Drivers get knocked all the time for those only-in-Florida road infractions — like last year’s wave of people clinging atop hoods on speeding cars on expressways like Interstate 95.
So, yes, we know driving in Florida is for the brave. But one advocacy group says we have reason to be concerned. There aren’t enough laws governing road and highway safety.
Every year, Advocates for Highway & Auto Safety release The Advocates’ Report to grade the 50 states on how well road safety laws are enacted and enforced.
Tuesday was the day and Florida finds itself among THE WORST states, with among the fewest optimal laws. That’s not a surprise given that Florida, once again, makes a regular appearance on the list. The road safety advocacy group, has been around since 1989, and started issuing these annual report cards 15 years ago.
The group gave every state and D.C. a rating in five categories: Occupant Protection, Child Passenger Safety, Teen Driving, Impaired Driving, and Distracted Driving.
The states were then given an overall grade of: Green (Good); Yellow (Caution); and Red (Danger).
With 13 out of 16 safety laws on the books, Rhode Island earned the top green rating. Other states with a green rating include Delaware, Oregon, Washington, California and Louisiana. The District of Columbia also got a green.
Florida saw red. The state had 2,922 fatal crashes and 3,112 deaths in 2017, according to the U.S. Department of Transportation, using the most current figures — the same stats used by the advocacy group.
“States that earn a red rating lag seriously behind when it comes to adopting Advocates’ recommended laws,” the report said.
South Dakota, having adopted just two of 16 recommended safety laws, topped this year’s worst list.
Florida joins these other states with a red rating: Wyoming, Arizona, Missouri, Montana, Nebraska, Virginia, Idaho, Iowa, New Hampshire, Ohio and Vermont.
The Advocates for Highway & Auto Safety recommend that Florida, which has five safety laws, enact 11 more to join the green, or safer, states. These laws would be:
▪ Missing rear primary enforcement seat belt law.
▪ All-rider motorcycle helmet law. Florida allows motorcycle drivers over 21 with $10,000 in medical insurance coverage to ride without helmets.
▪ Rear facing through age 2 law.
▪ Booster seat law.
▪ Minimum age 16 for a learner’s permit with nighttime and passenger restrictions. Florida doesn’t limit teens from driving with too many passengers in a car and you can get a learner’s permit at 15 if you pass tests.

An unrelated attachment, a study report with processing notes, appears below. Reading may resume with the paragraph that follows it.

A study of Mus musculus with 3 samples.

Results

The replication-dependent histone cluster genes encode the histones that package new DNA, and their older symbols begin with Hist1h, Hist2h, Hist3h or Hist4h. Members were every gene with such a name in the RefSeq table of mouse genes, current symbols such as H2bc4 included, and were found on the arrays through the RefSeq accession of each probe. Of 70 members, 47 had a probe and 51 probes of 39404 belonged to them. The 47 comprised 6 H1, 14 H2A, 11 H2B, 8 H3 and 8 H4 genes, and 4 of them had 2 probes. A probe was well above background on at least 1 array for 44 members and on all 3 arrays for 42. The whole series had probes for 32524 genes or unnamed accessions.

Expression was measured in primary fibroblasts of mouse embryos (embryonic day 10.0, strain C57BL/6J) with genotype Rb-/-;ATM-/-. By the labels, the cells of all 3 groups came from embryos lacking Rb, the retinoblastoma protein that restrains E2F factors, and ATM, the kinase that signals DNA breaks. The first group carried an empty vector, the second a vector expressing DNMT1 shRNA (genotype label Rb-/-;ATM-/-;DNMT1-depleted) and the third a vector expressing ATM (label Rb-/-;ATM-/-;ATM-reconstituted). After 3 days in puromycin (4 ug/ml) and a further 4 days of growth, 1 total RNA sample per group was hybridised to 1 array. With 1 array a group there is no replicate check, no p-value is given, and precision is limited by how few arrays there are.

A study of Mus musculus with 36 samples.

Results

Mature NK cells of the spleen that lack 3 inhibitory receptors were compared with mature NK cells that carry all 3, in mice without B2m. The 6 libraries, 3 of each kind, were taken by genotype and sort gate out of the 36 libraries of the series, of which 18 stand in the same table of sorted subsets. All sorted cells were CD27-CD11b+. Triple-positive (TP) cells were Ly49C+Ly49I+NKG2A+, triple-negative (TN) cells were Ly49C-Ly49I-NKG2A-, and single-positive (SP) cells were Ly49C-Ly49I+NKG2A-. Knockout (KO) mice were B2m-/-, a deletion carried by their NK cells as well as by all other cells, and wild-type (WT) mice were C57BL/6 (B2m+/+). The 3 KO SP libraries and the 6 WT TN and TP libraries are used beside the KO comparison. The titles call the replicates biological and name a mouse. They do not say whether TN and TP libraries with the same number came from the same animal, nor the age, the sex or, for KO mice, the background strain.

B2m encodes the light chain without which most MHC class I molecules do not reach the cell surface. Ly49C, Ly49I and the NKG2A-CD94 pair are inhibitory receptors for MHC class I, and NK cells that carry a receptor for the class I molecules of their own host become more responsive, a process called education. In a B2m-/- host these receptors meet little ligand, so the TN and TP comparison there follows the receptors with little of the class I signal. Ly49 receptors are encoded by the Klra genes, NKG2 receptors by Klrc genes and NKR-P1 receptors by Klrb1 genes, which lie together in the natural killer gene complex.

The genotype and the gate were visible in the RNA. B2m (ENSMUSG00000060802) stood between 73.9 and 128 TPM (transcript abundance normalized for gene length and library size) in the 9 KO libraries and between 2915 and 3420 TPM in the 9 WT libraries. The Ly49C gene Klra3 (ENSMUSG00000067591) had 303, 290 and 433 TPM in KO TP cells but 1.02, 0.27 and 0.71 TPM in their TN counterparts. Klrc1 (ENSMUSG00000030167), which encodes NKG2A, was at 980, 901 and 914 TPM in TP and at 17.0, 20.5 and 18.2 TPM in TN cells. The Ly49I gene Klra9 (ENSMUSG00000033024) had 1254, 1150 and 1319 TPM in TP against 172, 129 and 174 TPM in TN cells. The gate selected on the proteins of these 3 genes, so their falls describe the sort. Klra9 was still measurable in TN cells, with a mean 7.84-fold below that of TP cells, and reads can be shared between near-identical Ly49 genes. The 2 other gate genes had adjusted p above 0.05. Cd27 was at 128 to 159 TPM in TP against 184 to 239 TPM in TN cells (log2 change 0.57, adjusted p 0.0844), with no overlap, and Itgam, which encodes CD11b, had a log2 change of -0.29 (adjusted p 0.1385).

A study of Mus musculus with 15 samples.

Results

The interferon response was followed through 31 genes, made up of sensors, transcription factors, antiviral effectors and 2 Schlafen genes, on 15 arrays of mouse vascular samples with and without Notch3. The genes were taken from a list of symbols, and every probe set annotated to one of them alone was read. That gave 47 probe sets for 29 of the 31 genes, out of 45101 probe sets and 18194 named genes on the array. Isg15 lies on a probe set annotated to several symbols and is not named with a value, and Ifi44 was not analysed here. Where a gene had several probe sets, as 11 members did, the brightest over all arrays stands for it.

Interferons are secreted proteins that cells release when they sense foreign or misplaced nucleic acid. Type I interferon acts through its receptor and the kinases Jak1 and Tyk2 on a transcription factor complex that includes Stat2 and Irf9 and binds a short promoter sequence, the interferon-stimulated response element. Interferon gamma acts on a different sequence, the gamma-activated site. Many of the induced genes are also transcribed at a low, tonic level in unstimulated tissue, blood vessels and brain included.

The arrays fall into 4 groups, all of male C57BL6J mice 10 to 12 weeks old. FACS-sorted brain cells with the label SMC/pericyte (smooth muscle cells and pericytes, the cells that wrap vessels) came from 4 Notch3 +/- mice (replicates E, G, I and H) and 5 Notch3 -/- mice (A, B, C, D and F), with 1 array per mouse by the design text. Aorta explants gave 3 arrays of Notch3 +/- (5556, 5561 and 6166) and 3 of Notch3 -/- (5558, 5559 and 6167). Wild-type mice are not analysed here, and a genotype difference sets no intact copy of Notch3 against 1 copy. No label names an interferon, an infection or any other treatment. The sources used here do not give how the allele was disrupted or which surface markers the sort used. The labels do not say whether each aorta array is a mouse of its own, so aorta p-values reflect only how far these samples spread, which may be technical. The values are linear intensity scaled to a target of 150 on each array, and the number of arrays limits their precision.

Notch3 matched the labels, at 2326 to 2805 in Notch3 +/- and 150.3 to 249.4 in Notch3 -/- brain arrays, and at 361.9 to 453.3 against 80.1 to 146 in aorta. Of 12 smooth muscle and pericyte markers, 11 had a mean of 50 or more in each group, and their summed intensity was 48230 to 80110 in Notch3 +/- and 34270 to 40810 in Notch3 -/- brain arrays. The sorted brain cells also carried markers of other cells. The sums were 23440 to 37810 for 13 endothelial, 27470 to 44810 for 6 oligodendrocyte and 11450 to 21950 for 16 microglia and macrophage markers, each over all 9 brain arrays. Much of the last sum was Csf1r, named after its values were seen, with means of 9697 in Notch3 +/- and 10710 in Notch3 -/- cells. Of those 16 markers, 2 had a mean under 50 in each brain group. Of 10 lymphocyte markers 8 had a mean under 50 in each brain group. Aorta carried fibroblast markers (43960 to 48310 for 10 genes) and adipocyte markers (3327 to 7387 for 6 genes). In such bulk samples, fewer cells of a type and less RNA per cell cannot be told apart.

▪ Age 18 for unrestricted license for teen drivers. You can currently get a driver’s license at 16 in Florida — with some restrictions limiting night-time driving — if you pass the written and road test.
▪ Ignition interlocks for all DUI offenders that would stop them from driving if the user fails a breath test.
▪ All-driver text messaging restriction.
▪ Cellphone restriction. Twenty states and D.C. lack optimal laws restricting cellphone use for teen drivers.
The group said the laws Florida does have concerning the use of safety belts and distracted driving don’t go far enough. Only front seat passengers are required to wear safety belts, for instance, and the advocates believe passengers in the rear seats should also be buckled up.
And while it’s illegal to text and drive in Florida, drivers are only pulled over if a law enforcement officer sees them committing another infraction, such as speeding.
The theme this year, and in 2018’s report, was all this focus on the development of driverless cars.
“These experimental vehicles are touted as a means to eliminate traffic crashes by removing the factor of human error,” the report said. “However, proven advanced technologies, currently in high end models or offered as part of luxury packages, could be reducing crashes now.”
Advocates’ President Cathy Chase said, “The theme of this year’s report is ‘until the day comes when driverless cars are proven to be safe, we can save countless lives by taking action now on verified technology and comprehensive laws.’ ... While we are optimistic that automated systems, or ‘driverless’ vehicles, may have the potential to reduce, or even eliminate, crashes in the future, that utopic vision is still likely decades away.”
According to the advocacy group, crash fatalities nationwide reached 37,133 in 2017. Additionally, over three million people were injured on the roads in 2016, the latest year for which full data is available. Each year on average the comprehensive cost of motor vehicle crashes is over $800 billion.
And this is before the Bird Box Challenge, in which fools reenact scenes, like driving while blindfolded, from the popular Netflix movie. A teen in Utah, for instance, crashed her car while driving blindfolded in January, CBS News reported.